27 October 2004
Léon-Henri-Marie Frédéric (Belgian, 1856-1940)
'L'Aurore' or 'L'Aube arrachant les Ténèbres'
signed 'Léon Frédéric' (lower right)
oil on canvas
64 x 35 in. (162.6 x 88.9 cm.)
Von Blykaert Collection, Munich.
Munich, Glaspalast, VI Internationale Kunstausstellung, 1892, no. 573.
Brussels, L'Exposition des Vingts, 1893, no. 2.
Frédéric's works from the early 1890's concentrated almost exclusively on symbolist subjects, such as L'Aurore. His paintings were praised by Fernand Khnopff in The Studio and published in foreign journals such as the Austrian Ver Sacrum. Thus the artist became internationally known and his work was exhibited in Paris, Venice and Munich. Such visionary canvases as the present work combine Symbolism with a blend of Realism and Neo-Classicism, and his pantheistic view of nature created a unique treatment of traditional iconography. Aurora, the Greek goddess of dawn and sister of the sun-god Helios, stands draped by a black veil, contrasting with the traditional treatment of the subject, scattering flowers from a four-horse chariot.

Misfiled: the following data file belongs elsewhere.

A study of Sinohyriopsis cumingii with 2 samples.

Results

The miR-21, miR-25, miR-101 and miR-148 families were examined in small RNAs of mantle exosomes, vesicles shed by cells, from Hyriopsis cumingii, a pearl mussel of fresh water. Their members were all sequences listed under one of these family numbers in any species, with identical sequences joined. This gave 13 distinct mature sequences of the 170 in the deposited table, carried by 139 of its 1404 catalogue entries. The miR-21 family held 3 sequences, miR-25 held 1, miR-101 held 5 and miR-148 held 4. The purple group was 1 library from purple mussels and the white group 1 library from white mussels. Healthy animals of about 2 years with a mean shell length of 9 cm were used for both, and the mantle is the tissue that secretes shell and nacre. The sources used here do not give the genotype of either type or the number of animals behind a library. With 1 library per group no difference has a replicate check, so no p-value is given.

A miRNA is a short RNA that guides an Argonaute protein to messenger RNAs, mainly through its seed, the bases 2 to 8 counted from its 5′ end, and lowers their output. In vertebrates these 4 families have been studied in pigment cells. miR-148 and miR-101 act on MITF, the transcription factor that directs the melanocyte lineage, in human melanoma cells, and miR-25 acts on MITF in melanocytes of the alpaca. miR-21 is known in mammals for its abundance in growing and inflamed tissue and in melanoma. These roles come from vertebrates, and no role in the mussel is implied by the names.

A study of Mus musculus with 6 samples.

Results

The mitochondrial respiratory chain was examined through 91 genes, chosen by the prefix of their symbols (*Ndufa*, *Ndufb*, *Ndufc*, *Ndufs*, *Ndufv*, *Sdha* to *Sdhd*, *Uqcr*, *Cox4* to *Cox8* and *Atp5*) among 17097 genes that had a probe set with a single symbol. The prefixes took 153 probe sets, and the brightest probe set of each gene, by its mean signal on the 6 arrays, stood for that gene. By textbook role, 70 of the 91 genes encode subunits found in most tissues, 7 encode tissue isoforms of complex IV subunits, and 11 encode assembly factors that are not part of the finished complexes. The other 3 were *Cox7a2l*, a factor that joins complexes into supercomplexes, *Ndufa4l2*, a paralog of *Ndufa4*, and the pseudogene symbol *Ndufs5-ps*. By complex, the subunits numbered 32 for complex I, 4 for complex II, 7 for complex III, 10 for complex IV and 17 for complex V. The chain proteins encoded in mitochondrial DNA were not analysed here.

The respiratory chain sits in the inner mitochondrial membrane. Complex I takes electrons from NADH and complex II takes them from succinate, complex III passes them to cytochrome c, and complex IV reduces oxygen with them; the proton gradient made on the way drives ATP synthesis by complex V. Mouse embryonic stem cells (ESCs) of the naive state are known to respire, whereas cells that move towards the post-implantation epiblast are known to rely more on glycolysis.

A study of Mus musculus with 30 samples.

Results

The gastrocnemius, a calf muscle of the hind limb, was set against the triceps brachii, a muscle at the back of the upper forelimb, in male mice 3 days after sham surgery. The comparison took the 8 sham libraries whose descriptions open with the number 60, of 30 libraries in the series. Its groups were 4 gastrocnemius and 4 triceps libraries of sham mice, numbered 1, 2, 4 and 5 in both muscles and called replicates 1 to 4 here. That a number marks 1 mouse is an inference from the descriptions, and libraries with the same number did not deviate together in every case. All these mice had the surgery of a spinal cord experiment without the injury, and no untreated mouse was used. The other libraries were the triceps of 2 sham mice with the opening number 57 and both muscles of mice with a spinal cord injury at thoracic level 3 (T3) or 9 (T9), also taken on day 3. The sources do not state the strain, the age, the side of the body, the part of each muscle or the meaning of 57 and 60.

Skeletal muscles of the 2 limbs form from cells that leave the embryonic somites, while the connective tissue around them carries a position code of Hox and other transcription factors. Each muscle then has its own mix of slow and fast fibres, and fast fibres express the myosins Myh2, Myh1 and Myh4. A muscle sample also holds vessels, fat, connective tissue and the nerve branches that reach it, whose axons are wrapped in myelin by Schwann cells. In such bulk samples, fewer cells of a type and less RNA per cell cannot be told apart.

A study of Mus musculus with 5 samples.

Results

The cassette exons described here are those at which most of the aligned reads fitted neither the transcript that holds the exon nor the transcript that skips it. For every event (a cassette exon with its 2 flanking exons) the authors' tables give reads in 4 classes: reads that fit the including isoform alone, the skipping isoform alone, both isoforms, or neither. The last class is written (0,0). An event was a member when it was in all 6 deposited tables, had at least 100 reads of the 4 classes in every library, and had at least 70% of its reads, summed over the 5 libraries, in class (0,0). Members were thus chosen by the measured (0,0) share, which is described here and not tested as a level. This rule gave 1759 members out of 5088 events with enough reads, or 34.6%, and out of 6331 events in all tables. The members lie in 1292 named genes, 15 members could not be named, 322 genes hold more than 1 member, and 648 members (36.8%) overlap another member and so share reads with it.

Frédéric entered the studio of the Neo-Classicist Jean-François Portaels in the Brussels Academy. The influence of fifteenth and sixteenth century Flemish painting is already apparent in his work and his linear technique is reinforced by his stay in Italy from 1877-80, where he particularly studied the works of Botticelli and Ghirlandaio. On his return to Brussels, he became a member of the group L'Essor. His work of the next decade gradually became imbued with a religious mood and its visionary nature derived from the influence of the Pre-Raphaelites. Despite receiving a gold medal in Berlin in 1891 and several bronze and gold medals from 1889 to 1900 in the United States, the success of the 1890s only received official approval in Belgium during this century. He was created Baron and Knight of the order of King Leopold and in 1929 was finally elected as a member of the Belgian Royal Academy.